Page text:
Despite objections by the mayor, the Glendale City Council on Tuesday authorized formation of a nonprofit corporation to operate the historic Alex Theatre.

The council, acting jointly as the Redevelopment Agency, also appointed six members of a theater task force to be directors of the corporation to operate the Alex as a cultural and performing arts center. Three additional directors are to be named within six months.

Mayor Ginger Bremberg called the action "presumptuous and quite arrogant" because Mann Theatres still owns the 66-year-old theater at 216 N. Brand Blvd. Redevelopment officials are negotiating to buy the theater from Mann, which closed the Alex on Sept. 26 and which operates a new eight-plex cinema two blocks away.

Bremberg also objected to proposed bylaws of the corporation, which, she said, would give directors too much control over tax money. Other council members said the document does not clearly spell out the city's authority over the board. The bylaws will be redrafted, said City Atty. Scott Howard.

The redevelopment agency last month allocated $6 million for renovation, to be handled by the new corporation. Bremberg urged that at least one city representative be named to the board. She suggested the city accept applicants and interview candidates for the remaining positions on the board.

Directors named to the board were key members of the city's 21-member Committee for Arts at the Alex, which was formed last January. It released its final recommendations last month, including the proposal that the theater be operated by a nonprofit corporation.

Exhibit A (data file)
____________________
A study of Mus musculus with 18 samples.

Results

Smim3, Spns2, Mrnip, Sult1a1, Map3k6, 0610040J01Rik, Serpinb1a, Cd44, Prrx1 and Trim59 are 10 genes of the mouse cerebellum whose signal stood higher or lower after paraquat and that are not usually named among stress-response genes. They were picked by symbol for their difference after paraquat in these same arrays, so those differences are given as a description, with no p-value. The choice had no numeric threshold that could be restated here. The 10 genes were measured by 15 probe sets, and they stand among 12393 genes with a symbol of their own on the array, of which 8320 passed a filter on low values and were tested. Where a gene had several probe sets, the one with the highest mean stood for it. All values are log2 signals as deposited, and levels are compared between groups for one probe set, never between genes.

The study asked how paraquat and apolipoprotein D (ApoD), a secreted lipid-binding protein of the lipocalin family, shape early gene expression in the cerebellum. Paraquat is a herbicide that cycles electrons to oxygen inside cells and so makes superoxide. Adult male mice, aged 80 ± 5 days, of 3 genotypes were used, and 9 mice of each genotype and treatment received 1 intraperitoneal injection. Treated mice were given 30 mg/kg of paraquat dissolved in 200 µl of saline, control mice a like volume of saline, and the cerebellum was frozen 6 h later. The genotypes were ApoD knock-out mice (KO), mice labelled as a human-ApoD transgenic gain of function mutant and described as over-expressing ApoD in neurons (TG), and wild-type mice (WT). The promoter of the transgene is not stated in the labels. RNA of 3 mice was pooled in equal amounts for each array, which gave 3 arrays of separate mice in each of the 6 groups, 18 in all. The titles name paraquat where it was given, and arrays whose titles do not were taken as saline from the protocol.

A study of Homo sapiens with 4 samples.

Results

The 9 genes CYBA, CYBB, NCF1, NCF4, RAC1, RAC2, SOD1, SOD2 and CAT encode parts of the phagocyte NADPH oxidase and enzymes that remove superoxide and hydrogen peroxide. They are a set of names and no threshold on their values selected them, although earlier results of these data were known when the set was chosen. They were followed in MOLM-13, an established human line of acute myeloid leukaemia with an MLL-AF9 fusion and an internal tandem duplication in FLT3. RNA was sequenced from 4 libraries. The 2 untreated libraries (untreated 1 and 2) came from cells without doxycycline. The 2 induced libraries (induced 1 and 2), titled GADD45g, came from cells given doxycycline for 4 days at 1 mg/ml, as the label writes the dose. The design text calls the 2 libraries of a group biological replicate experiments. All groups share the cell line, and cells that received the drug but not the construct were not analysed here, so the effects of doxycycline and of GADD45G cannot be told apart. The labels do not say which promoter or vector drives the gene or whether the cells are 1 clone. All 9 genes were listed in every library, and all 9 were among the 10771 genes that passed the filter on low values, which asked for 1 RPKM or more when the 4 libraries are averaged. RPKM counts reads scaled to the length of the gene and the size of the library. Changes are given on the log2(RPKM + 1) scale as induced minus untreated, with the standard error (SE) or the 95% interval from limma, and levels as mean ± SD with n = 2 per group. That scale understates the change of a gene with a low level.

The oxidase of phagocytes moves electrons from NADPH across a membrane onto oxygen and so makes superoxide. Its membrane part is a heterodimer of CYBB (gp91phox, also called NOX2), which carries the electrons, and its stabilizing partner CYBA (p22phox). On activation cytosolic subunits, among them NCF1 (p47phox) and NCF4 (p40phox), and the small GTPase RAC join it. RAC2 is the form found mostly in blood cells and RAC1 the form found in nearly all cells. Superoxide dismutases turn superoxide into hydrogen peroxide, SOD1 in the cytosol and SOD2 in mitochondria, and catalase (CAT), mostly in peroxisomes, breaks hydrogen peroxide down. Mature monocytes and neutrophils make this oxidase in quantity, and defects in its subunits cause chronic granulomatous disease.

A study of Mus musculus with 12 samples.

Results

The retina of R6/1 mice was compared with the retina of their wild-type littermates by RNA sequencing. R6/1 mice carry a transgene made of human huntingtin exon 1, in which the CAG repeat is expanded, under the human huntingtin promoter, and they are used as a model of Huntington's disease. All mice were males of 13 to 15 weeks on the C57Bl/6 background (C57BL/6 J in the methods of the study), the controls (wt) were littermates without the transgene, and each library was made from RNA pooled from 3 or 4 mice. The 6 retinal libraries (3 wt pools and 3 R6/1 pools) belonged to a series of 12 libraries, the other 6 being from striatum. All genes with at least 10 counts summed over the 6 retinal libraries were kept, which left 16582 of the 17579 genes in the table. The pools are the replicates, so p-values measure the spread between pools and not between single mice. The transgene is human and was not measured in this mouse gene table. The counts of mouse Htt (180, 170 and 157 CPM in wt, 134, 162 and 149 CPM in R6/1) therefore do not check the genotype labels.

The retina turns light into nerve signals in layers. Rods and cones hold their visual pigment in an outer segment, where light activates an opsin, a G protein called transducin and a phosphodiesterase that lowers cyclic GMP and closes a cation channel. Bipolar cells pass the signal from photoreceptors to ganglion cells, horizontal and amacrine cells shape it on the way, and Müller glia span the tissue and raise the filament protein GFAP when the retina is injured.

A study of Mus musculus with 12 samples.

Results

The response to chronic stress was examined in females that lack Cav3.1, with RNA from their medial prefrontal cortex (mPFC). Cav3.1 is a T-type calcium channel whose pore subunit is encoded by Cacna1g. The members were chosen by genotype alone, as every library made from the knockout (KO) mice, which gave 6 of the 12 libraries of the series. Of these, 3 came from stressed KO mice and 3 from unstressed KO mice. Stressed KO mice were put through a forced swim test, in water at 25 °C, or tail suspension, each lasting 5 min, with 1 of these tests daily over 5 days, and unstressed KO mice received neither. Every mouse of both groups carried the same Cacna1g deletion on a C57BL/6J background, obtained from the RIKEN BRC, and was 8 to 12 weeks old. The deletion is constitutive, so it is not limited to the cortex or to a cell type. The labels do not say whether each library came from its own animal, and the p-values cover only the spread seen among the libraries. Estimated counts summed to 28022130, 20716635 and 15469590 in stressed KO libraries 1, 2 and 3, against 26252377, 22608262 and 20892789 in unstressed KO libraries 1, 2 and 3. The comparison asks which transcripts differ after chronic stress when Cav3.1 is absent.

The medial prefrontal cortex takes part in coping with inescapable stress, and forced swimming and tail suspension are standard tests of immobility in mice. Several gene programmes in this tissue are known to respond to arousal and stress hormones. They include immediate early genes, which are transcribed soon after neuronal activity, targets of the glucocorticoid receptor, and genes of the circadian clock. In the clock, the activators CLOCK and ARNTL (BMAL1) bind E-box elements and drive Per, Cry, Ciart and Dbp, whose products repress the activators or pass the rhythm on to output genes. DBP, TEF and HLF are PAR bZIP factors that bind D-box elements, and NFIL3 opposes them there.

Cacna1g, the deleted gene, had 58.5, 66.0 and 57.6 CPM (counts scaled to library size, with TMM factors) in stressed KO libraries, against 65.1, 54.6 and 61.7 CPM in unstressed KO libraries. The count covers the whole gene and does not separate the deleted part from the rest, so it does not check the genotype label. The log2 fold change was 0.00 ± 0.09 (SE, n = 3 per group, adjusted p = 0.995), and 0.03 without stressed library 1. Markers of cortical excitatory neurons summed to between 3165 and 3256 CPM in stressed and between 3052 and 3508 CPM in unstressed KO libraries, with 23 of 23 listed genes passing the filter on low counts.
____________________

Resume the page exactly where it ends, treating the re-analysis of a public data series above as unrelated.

Appointed were Laurence R. Clarke, an attorney and task force chairman; Michael Sharp, a real estate developer and co-owner of the Pasadena Playhouse; James DeMonaco, director of facilities and services for Walt Disney Imagineering; Marco Brambilla, a Glendale architect; John Hedlund, owner of California Offset Printers, and Andrea Humberger, president of the Glendale Historical Society.

The initial directors are expected to serve staggered terms of two, three and four years. The draft bylaws would then permit directors to serve two consecutive four-year terms.

Councilman Larry Zarian said directors will be responsible for raising money to operate a performing arts center. "They are going to need to raise hundreds of thousands of dollars so as not to burden the city," he said.